In her memoir, Manhattan, When I was Young, Mary Cantwell recalls how, as an Irish-American woman with a Jewish boyfriend (soon to become her husband) during the summer Julius and Ethel Rosenberg were electrocuted, she found herself worrying: “The weekend we spent at his [uncle and aunt’s] cabin in the Catskills smearing cream cheese on toast was torture, because they reminded me of the Rosenbergs…. I thought we would all be arrested, that I, too, would die in the chair.” Marching as a couple in a 1936 Communist-sponsored May Day parade on Lower Broadway, Mary McCarthy recalls how parade marshals tended to be blond and blue-eyed, with party cadres “on the whole Jewish.” McCarthy and her gentile partner were placed at the parade’s outer edge thus “making [Jews] less visible by staying in the center of the ranks like the filling of a sandwich.”
Communism retained a vague, somewhat sinister potency in the early ‘60s as I came of age in a densely Jewish wedge of Los Angeles a mile or two south of the Hollywood Hills. There was the Emma Lazarus club, a greyish storefront on a stretch of Pico more Black than Jewish a mile or so from the Jewish Pico-Robertson neighborhood. I had heard that this was a group favoured by Jewish fellow travellers and found myself staring intently at the building as we drove home from my yeshiva high school. My early adolescent mind was certain of the orgiastic abandon behind its deceptively nondescript exterior. I also noted how certain relatives and family acquaintances, their names rarely mentioned again except in whispers or exaggerated grimaces, disappeared – not into the clutches of authorities – thrust out of the clubby embrace of our cousin’s club, or landsmanschaft gatherings. What I came to understand was that those exiled still had CP membership – or at least sympathies.
In my early twenties, as I embraced anti-war activities, wearing my hair long and replacing the rock-heavy orthopedic shoes I had always worn with sandals – roughly at the same time I started studying Russian – my mother complained to anyone who would listen that her son was now a communist. Just a few months ago a lawyer, a former schoolmate, all-but-asked whether I was still a party member.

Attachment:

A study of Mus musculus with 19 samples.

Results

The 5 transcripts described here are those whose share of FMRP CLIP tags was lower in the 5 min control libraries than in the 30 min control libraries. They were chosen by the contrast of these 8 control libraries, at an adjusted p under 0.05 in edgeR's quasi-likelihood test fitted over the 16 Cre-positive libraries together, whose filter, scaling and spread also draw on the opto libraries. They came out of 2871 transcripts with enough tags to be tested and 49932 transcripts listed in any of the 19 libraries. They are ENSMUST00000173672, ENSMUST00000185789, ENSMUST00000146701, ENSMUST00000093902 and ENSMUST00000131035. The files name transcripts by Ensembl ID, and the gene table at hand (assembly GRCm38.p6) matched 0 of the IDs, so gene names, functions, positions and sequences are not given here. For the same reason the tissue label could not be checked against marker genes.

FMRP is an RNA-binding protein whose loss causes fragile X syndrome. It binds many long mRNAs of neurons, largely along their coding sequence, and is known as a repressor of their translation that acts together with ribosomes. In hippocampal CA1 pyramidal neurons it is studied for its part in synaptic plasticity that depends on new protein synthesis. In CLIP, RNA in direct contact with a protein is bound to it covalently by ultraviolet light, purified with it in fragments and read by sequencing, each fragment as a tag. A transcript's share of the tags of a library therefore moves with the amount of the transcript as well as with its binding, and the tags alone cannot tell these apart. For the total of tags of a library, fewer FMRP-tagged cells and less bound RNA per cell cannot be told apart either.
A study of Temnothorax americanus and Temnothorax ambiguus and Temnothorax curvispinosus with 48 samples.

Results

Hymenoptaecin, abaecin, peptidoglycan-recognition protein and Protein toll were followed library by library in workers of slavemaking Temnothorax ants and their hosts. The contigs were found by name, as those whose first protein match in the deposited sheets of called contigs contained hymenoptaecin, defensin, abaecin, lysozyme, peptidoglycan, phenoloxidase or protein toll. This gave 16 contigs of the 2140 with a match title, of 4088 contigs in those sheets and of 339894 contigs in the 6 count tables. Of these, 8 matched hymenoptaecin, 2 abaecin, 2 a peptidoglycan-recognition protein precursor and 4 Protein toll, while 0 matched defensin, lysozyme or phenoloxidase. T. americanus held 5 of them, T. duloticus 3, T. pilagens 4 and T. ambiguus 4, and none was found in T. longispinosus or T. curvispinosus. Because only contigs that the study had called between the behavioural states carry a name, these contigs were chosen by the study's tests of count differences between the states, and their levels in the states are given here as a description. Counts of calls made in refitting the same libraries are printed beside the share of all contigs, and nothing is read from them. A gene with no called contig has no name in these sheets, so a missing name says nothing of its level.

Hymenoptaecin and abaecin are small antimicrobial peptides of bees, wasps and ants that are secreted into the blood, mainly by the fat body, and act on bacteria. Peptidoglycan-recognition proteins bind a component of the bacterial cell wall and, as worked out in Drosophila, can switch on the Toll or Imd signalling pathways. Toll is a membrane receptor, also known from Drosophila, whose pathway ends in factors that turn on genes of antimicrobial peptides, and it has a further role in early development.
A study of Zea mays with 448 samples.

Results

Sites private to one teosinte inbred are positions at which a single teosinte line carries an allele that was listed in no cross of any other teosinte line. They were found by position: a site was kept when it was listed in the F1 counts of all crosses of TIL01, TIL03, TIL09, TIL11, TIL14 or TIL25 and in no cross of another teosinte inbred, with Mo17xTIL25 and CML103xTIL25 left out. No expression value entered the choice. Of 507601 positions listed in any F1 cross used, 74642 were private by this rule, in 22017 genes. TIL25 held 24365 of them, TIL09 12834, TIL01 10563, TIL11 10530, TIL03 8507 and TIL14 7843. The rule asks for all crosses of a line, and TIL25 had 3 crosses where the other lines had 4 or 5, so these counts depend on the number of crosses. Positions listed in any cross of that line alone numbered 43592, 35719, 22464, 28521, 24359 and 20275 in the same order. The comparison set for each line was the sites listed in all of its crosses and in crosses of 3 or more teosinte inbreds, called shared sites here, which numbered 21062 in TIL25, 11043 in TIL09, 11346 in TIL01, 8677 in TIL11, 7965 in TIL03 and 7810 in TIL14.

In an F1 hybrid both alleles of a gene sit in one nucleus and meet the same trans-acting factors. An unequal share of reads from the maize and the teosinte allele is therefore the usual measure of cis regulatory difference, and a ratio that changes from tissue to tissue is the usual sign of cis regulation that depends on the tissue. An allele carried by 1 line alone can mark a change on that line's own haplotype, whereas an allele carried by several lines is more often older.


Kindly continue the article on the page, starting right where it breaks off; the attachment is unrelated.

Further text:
In our family circle, which hailed from a small town in the Lithuanian marshes just beyond Pinsk – among the more politically inflected regions of the former Pale of Settlement – Communism was a source of mostly sequestered, if intermittently acute, unease. My parents were both born in Chicago, long a CP hub, settling eventually in Los Angeles. There the Communist Party, numbering some 3,000 in the 1930s, included the country’s largest proportion of Jews: 90 percent of its membership was Jewish, not counting more numerous non-party supporters. The party’s influence was felt most strongly in the Jewish enclaves of Boyle Heights and Hollywood. Nearly all of this had disappeared by the time I reached my early adolescence, though with a lingering presence – at least in the milieu in which I grew up – much like formerly potent, only recently eradicated medical perils such as tuberculosis or polio.
Once you start to notice it, though, the disinclination to look squarely at Communism’s allure as a feature of American Jewish life is obvious. Barely a glimmer in Judd Teller’s 1966 portrait of Jewish cultural and intellectual life Strangers and Natives: The Evolution of the American Jew from 1921 to the Present; one citation in Charles Silberman’s bestselling 1985 portrait of contemporary Jewish life A Certain People ; not even an index entry in Howard M. Sacher’s mammoth A History of the Jews in America published in 1992.